While there ARE differences in some of the details, the biggest difference between ALES and F5J is that in F5J the competitor gets to choose his launch altitude to make the task time (10 minutes in preliminary rounds). And competitors essentially get time bonus points depending on how low the launch is at a rate of 1/2 point per meter. (Raw flight time equals seconds flown minus 1/2 second per meter for every meter up to 200 and 3 seconds per meter for every meter over 200 meters).
Last year was the first year that the rule was flown and it appears that in a lot of conditions, top tier competitors are CHOOSING to launch for 10 minute tasks to altitudes in the range of 100 to 125 meters. By the time a max flight is normalized to 1000 points, this means that the bonus for launching at 100 instead of 200 meters can be in the range of 75 or 80 points.
While there is nothing in particular wrong with the 200 meter ALES altitude, it is clear that top tier planes are leaving a lot of their performance potential "on the table". The inevitable result of this will be more and more of the top scorers maxing more and more of their flights. And as Marc suggested we will likely evolve to longer tasks and lower launch altitudes.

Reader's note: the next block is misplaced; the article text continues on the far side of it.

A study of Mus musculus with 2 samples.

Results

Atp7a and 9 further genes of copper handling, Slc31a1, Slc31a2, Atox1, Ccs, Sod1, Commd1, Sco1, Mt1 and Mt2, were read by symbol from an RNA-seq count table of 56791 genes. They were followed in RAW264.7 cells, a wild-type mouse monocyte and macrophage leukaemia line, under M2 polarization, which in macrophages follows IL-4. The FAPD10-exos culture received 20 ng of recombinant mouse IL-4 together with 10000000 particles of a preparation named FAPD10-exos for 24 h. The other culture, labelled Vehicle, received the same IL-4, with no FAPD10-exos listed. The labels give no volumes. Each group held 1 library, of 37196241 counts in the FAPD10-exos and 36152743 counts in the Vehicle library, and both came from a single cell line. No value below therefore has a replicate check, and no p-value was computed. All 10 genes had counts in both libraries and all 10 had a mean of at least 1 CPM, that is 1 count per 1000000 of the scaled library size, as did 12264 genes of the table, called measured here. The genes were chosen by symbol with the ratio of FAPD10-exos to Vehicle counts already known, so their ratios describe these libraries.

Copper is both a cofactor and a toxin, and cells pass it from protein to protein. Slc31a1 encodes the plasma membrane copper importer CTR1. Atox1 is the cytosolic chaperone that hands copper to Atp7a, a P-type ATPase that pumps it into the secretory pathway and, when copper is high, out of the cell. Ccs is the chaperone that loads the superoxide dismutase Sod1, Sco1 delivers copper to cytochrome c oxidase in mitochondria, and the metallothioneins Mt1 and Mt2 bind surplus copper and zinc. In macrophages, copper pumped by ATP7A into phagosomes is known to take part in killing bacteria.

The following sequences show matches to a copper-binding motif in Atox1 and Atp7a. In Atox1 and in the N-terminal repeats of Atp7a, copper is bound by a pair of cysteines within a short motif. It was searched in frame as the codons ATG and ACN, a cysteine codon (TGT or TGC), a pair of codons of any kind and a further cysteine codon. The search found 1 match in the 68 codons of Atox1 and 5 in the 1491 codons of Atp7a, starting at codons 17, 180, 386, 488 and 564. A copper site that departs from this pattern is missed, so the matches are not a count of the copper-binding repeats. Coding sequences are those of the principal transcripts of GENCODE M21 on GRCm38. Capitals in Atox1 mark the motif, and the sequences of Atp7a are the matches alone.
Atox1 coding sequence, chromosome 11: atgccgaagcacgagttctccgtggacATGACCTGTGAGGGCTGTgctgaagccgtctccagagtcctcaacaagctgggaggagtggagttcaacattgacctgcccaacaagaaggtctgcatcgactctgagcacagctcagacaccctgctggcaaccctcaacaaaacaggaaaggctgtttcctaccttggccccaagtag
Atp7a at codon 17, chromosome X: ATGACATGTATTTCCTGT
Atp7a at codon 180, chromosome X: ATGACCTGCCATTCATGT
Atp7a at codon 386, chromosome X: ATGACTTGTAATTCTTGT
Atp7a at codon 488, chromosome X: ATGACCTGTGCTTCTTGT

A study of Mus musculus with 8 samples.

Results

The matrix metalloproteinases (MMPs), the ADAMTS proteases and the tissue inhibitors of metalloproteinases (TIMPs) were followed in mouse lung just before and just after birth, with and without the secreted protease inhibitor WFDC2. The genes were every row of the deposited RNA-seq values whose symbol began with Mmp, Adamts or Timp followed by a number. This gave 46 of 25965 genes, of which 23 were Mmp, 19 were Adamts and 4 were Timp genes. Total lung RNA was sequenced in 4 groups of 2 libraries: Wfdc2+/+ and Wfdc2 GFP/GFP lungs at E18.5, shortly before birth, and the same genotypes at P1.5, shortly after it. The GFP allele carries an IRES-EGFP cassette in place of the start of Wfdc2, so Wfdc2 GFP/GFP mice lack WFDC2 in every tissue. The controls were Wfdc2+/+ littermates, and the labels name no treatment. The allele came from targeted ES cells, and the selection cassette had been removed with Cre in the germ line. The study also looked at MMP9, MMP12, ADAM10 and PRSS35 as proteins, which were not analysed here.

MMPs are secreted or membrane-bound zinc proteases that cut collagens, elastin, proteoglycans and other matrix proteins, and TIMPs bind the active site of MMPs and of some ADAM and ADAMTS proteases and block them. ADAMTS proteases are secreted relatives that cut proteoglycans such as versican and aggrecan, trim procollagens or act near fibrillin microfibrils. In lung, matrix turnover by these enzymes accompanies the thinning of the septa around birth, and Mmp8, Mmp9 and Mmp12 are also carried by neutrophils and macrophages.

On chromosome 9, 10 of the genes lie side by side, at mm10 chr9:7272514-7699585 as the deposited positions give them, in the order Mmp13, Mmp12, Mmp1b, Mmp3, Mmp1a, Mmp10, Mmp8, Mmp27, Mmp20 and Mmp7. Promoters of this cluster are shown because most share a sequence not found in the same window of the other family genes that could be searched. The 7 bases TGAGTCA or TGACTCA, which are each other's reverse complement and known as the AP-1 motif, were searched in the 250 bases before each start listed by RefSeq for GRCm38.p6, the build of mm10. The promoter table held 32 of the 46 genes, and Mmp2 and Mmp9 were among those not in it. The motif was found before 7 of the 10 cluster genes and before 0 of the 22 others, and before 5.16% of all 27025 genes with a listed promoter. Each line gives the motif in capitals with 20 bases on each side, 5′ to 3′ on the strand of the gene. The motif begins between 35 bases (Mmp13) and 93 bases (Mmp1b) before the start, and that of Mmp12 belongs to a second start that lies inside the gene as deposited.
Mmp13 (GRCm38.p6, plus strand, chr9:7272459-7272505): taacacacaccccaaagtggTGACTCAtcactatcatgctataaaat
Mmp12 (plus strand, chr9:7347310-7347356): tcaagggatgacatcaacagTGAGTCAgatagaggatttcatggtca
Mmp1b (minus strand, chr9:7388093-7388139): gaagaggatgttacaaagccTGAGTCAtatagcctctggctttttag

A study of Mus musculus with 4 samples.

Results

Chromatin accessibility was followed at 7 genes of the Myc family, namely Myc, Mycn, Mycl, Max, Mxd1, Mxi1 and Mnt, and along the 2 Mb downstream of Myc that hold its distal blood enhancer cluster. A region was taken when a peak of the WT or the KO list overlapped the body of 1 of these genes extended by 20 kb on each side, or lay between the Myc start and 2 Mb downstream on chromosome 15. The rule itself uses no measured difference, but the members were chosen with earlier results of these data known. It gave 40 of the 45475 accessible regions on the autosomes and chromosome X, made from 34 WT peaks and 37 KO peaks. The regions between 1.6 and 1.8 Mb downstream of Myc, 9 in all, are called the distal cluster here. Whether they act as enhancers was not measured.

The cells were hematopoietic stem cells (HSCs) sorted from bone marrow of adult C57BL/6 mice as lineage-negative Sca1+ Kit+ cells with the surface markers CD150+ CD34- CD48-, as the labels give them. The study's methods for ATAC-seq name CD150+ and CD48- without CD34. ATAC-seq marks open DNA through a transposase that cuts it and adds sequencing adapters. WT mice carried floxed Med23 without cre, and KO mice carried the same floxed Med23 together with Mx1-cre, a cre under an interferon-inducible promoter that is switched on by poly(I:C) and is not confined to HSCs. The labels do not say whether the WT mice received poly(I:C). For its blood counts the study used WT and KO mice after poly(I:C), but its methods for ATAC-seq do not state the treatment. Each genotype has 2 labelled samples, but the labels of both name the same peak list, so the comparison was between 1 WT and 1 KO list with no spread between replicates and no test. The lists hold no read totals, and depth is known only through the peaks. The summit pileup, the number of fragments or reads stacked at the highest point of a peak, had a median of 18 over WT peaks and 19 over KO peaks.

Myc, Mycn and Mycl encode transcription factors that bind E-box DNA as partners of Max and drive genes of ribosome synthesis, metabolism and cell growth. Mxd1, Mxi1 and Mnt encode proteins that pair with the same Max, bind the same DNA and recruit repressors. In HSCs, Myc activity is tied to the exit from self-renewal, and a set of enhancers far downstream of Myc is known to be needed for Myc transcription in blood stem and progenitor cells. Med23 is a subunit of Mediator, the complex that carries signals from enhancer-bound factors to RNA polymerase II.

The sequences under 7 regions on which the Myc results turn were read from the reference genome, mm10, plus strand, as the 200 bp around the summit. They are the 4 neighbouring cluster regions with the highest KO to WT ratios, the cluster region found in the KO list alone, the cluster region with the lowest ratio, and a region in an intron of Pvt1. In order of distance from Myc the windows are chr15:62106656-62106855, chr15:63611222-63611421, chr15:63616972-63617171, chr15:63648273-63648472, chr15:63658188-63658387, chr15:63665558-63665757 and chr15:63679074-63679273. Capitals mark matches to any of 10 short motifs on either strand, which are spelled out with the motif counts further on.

If our launch altitude was 300 meters, for example, the boxes that most of our planes come in would hang in for 10 minutes MOST of the time. And while I can still rack up 6 minute flights with my Maxa from 200 meters, when I fly it on test flights from 200 meters at dawn, I consistently get 9 1/2 to 10 1/2 minute flights where the Radian is closer to 7 minutes. On any given day when we are not flying "dawn" conditions, the Radian pilot might beat me (yes Paul
). But the new bigger and lighter molded planes will ultimately provide some advantage.